After almost four years at Nicholas P. Sims Library, Holly Russell will soon leave to start her new job in Highland Park.
The decision was not easy for the children's librarian, whose last day is Friday, July 13. Russell has accepted a job as an assistant to the town librarian at the Harvey Bright Library.
“Anybody who’s in public service — whether it’s police, fire, library, even retail — we don’t do it for the money. We do it because we love what we do,” Russell said. “Unfortunately, the cost of living in Ellis County is skyrocketing, and non-profits and public service professions can’t always keep up with that demand for their employees.”
As an assistant, she will do much of the behind-the-scenes work. Instead of filling a role as a programming coordinator like she currently does, she will explore the purchasing and processing side of it.
“It’ll be a very big change in what I do,” Russell stated. “It’s much truer to traditional librarian roles.”
Russell initially worked as a curator collection manager in the museum field up until she realized her love for libraries.
“I had every intention to work in archives, but when I came here and started working with the public, it totally changed me,” she explained.
The discovery led Russell to shift her focus from archives to public libraries. She then began a part-time gig at the Sims Library, while working toward a master’s degree in library science. Eventually, the children’s librarian left, and Holly was offered the job. She gladly accepted in Oct. 2014.
“The best part about this community is they’re easy to fall in love with,” Russell reflected. “Everyone that comes through these doors loves the library, and they grew up using the library and want their children to grow up loving and using the library.”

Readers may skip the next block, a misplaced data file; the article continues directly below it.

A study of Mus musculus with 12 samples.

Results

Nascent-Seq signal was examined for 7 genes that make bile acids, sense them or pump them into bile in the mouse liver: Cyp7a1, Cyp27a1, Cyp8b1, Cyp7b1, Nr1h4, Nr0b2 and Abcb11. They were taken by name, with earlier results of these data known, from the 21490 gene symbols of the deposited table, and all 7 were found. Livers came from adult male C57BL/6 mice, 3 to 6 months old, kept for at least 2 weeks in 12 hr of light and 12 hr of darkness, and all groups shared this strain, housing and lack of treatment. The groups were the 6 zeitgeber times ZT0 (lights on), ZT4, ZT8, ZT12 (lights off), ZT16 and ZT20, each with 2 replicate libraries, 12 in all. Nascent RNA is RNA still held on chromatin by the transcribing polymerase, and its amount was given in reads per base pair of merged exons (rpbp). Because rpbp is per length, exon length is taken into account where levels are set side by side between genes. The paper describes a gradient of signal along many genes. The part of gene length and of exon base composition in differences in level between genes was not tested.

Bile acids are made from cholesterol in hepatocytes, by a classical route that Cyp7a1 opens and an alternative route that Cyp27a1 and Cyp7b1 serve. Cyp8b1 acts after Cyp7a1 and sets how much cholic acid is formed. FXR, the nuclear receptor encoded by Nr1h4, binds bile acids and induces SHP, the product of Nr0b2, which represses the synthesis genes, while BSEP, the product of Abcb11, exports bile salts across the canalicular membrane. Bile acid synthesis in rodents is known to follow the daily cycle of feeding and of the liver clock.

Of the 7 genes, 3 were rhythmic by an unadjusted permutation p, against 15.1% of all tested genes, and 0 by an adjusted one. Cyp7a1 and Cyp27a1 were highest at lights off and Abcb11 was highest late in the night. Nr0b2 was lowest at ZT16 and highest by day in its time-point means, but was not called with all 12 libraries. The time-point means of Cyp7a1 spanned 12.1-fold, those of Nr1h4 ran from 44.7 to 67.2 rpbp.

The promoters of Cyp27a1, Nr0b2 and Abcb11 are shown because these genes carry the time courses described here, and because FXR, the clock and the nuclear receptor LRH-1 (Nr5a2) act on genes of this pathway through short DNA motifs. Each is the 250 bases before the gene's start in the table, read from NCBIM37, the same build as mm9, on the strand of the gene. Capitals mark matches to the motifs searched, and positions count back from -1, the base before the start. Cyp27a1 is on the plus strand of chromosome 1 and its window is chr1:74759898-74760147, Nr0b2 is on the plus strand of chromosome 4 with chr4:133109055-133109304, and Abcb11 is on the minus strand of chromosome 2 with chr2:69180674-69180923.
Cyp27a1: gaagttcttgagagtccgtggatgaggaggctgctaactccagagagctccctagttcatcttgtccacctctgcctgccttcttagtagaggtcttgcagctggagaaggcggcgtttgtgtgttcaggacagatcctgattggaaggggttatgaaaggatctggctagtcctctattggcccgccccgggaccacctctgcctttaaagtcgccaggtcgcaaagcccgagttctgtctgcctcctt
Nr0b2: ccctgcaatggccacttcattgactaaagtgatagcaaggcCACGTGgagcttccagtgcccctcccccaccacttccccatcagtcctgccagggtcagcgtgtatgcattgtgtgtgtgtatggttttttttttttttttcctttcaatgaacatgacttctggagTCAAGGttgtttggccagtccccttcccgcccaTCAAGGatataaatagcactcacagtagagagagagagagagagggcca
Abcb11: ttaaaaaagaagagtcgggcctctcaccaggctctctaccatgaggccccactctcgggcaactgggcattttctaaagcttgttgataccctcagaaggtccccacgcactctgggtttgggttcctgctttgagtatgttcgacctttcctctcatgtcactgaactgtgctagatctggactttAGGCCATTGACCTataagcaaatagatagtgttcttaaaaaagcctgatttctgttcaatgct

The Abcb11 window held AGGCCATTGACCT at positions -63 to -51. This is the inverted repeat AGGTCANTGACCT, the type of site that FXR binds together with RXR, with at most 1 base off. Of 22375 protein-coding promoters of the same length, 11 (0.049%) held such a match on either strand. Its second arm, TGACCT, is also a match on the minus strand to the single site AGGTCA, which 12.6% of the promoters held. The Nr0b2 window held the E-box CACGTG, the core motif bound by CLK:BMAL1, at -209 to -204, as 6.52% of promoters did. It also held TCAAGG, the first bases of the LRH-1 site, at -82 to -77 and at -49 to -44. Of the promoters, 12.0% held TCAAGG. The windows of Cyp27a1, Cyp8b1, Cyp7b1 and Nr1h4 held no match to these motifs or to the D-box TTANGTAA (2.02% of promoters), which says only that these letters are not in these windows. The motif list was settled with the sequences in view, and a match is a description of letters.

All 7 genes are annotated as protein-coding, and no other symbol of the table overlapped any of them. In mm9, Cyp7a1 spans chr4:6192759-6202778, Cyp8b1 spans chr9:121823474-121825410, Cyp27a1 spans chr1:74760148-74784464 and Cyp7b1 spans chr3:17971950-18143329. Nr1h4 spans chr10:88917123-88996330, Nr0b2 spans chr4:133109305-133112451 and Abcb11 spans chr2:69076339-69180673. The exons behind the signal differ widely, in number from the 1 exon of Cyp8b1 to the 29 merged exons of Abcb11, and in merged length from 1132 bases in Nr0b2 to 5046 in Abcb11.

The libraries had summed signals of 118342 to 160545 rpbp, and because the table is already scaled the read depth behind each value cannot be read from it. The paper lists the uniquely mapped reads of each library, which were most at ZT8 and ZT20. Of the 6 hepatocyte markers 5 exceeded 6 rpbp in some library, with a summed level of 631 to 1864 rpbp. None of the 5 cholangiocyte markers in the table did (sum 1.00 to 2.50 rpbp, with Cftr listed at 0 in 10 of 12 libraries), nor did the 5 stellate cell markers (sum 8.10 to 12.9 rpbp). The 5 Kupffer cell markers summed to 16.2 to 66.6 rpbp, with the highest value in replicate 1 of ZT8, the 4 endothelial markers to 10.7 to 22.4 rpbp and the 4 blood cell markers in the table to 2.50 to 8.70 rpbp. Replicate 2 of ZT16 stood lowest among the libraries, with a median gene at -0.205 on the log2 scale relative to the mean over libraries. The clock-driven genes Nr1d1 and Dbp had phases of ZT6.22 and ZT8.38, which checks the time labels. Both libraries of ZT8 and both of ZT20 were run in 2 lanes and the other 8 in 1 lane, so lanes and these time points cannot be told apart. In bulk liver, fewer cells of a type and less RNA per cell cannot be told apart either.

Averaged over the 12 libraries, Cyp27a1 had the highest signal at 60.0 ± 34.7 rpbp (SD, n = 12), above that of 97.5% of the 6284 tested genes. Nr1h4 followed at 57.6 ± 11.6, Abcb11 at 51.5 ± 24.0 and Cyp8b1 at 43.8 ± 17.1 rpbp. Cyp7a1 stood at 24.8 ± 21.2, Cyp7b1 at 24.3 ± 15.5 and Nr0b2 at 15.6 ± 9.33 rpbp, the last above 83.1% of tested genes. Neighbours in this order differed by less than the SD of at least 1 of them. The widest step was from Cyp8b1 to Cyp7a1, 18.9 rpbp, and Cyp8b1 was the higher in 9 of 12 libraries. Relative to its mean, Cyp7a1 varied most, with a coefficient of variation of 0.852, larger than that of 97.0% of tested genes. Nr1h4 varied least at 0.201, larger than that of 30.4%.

And it is those community people that have become Holly’s favorite aspect of the job.
“It really is the people because I know I’m supposed to build up readers and encourage kids, but it’s totally reciprocated,” Russell explained. “They build me up. They make my day.”
Throughout her time being here, Holly has seen the Sims Library grow tremendously. Some of the features it’s received and developed over the years include robots to help kids code, training to build skills for jobs, computer skills to help kids in school, story time on Fridays, family-based programs, homeschool classes and homebound services for the elderly.
“We’ve gone from a negative entity to a very positive, active, flourishing entity,” Russell said. “Seeing that room go from sleepy to bustling, and making it such a popular place for families to meet, connect, play, grow, learn, read — whatever your reason for coming, it became a reason. The library became a reason.”
Barbara Claspell, the director of the Sims Library, admitted much of the staff will miss Russell and how she has contributed to the library’s success.
“She’s done an outstanding job here,” said Claspell. “We hate to see her leave, but I understand her wanting to go.”
The library does not plan to hire a new children’s librarian anytime soon, as multiple librarians on staff are able to take her place. However, if hiring somebody becomes a need, they will advertise when that time arrives.
As her time at the library comes to an end, Holly reflected on ways the library provided for her, personally, when she was divorced and a single mom. There were times she was low on money with a toddler who demanded every DVD of Bob the Builder, and it was the library that saved the day. She didn’t have to buy them.
Another instance occurred when she was a museum curator, and upon looking for places to do research for the exhibits, the library was there.
Because of these instances, and countless others, Russell hopes to see all libraries grow in the future.
“Anybody who tells you a library is becoming obsolete has not stepped foot in a library lately,” Holly stated. “Information comes in many forms – there’s the internet, there’s written, there’s even spoken – so however you need or want information, libraries can provide that. That’s why they will never be obsolete.”
“[...] Thank you for a wonderful time here and letting me be your children’s librarian,” Russell expressed. “We always ask for support of the library – whether it’s financial or through volunteering – but the best way to support your library is to walk through the door.”